ALBANY, GA (WALB) – The Dougherty County School System took the first step today to create a Career Academy.
The School Board unanimously authorized school officials to let the state know the system will compete for state grant money for the center. The big question now is how the local school system would pay for its part.
After the letter is sent, school board members say the next step is to determine if a Career Academy is even financially possible. They aren't required to close a school to make it happen. While there would be some start up funds from the state, the burden will rest primarily on the school and community and there are still a lot of questions to answer.
Laying bricks to build a wall or working with heavy equipment. Right now Dougherty County students make trips to Albany Tech to get just a taste of these careers but a Career Academy within the school system could change that.
"I think that it would be fool hearty of us not to look at this in depth," said Rev. James Bush, Dougherty County School Board Chairman.
Exactly why the board voted unanimously to move forward.
"The letter of intent does not commit us it will just give us an opportunity to participate upon examination of all of the costs," said Bush.
Cost is a big factor. The Lt. Governor's program will provide three million dollars in start up fees, but that's it.
"There's a lot of other money that needs to come to match that as well as cover other expenditures as well as run the facility long term," said Dougherty County School Board Member David Maschke.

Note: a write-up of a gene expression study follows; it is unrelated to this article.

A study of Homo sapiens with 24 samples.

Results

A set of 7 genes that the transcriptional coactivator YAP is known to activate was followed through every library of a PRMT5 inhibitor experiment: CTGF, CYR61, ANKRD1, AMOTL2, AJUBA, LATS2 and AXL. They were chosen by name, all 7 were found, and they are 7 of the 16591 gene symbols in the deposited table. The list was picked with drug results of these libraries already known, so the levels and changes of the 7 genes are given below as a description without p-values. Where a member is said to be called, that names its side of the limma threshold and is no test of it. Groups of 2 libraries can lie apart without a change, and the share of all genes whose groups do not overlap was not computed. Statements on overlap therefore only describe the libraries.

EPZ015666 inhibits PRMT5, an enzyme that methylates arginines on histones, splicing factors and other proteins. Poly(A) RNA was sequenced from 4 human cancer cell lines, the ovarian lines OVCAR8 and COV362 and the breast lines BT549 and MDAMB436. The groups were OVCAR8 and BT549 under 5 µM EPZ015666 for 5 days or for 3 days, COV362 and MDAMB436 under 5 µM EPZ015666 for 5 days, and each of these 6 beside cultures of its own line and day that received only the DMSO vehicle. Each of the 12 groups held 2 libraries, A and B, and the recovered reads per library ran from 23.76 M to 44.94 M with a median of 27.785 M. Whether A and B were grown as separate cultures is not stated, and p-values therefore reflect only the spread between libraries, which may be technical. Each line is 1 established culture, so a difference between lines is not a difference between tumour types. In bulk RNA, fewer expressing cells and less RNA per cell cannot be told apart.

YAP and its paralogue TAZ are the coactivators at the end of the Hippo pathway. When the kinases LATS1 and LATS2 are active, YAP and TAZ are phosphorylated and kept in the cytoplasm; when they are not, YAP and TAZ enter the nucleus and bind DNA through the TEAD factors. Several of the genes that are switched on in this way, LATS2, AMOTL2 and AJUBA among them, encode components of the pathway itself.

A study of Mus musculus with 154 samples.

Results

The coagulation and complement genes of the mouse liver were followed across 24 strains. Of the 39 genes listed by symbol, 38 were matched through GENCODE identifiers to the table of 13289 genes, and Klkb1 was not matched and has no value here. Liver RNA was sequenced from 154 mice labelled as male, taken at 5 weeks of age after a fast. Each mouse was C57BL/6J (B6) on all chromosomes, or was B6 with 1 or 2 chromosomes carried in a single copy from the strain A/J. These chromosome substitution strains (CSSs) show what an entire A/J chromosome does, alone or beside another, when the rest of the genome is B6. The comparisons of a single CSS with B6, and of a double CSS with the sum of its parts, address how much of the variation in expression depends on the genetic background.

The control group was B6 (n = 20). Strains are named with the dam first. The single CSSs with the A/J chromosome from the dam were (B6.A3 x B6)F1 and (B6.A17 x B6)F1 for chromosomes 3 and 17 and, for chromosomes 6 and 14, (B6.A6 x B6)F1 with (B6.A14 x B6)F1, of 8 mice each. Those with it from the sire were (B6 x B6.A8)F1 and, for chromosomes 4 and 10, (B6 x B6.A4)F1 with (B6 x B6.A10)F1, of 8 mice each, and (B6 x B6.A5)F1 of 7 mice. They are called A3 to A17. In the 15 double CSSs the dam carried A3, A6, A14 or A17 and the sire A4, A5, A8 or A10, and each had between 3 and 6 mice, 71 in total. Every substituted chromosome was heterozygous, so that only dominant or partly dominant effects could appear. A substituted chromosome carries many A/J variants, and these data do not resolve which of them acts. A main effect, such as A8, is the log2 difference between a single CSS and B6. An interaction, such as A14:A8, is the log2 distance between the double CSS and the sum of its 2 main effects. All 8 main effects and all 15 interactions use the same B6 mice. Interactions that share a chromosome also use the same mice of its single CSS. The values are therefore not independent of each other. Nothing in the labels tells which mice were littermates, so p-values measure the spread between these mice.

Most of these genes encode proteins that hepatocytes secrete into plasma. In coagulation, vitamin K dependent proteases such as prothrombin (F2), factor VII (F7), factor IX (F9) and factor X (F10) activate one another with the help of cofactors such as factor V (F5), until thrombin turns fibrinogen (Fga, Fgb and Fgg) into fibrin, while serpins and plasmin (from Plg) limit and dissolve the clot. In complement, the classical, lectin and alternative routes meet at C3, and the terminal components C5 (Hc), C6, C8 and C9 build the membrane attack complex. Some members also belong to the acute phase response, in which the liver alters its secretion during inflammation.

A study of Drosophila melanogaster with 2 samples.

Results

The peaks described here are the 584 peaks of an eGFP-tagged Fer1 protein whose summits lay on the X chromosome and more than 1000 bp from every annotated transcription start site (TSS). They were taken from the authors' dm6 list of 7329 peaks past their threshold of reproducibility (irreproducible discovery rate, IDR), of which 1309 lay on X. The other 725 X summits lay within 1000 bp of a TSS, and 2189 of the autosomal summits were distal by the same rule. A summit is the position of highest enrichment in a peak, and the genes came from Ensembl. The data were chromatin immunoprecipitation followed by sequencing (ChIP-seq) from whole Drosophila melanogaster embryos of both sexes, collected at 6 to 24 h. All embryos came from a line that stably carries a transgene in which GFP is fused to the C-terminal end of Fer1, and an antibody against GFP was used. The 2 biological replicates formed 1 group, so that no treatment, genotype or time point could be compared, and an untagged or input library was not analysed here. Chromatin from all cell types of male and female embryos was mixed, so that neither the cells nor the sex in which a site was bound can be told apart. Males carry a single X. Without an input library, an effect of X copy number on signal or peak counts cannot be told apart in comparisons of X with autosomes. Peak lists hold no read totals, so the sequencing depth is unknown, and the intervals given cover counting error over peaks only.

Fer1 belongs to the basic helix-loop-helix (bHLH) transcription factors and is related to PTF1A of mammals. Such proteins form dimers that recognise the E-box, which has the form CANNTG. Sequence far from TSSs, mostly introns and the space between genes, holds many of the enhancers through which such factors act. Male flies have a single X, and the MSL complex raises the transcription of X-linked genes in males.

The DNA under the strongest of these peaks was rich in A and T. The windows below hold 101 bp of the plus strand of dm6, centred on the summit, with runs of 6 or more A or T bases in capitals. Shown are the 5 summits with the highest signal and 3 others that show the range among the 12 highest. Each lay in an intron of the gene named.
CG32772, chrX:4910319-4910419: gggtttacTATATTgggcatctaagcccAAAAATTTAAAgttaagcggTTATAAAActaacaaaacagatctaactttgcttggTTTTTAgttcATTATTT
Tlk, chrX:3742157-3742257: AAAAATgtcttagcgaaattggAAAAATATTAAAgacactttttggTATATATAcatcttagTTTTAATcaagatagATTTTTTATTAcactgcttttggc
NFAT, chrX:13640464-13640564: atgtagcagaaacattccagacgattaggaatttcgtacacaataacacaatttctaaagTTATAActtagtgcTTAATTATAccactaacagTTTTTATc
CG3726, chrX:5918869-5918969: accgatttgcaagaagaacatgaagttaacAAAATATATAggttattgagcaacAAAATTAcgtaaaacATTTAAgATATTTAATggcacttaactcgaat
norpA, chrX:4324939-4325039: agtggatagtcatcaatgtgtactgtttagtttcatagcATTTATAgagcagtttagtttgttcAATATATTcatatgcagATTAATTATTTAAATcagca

Where will it be located?
"I'm pretty much like Darrel Ealum one of our school board members, I want a stand alone building, I want a building so its separated so it says this is actually the career academy," said Dougherty County Schools Superintendent Dr. Joshua Murfree. There are state consultants to help figure out the answers.
"They're going to help us along the way, this is what we've done in Glynn County so we get a chance to see some of the best practice models that are already out there," said Murfree.
If it's to happen here it will take the support of local secondary schools and the business community.
"Because of difficult economic times and taxes and these certain kinds of things and people are a little apprehensive of come off their wallet to say they're willing to contribute to another program," said Maschke.
Board members say they'll need to show the value of this program and what it's going to do to help students in the community. School Board members say a high percentage of Dougherty County students are not going on to college and certain post secondary opportunities.
They believe that's why this career academy makes sense, but again it comes down to dollars and cents.
If the school system determines it is financially able to move forward, they'll submit a formal application later this year. If selected as a top applicant, they'll eventually submit a detailed plan to the state.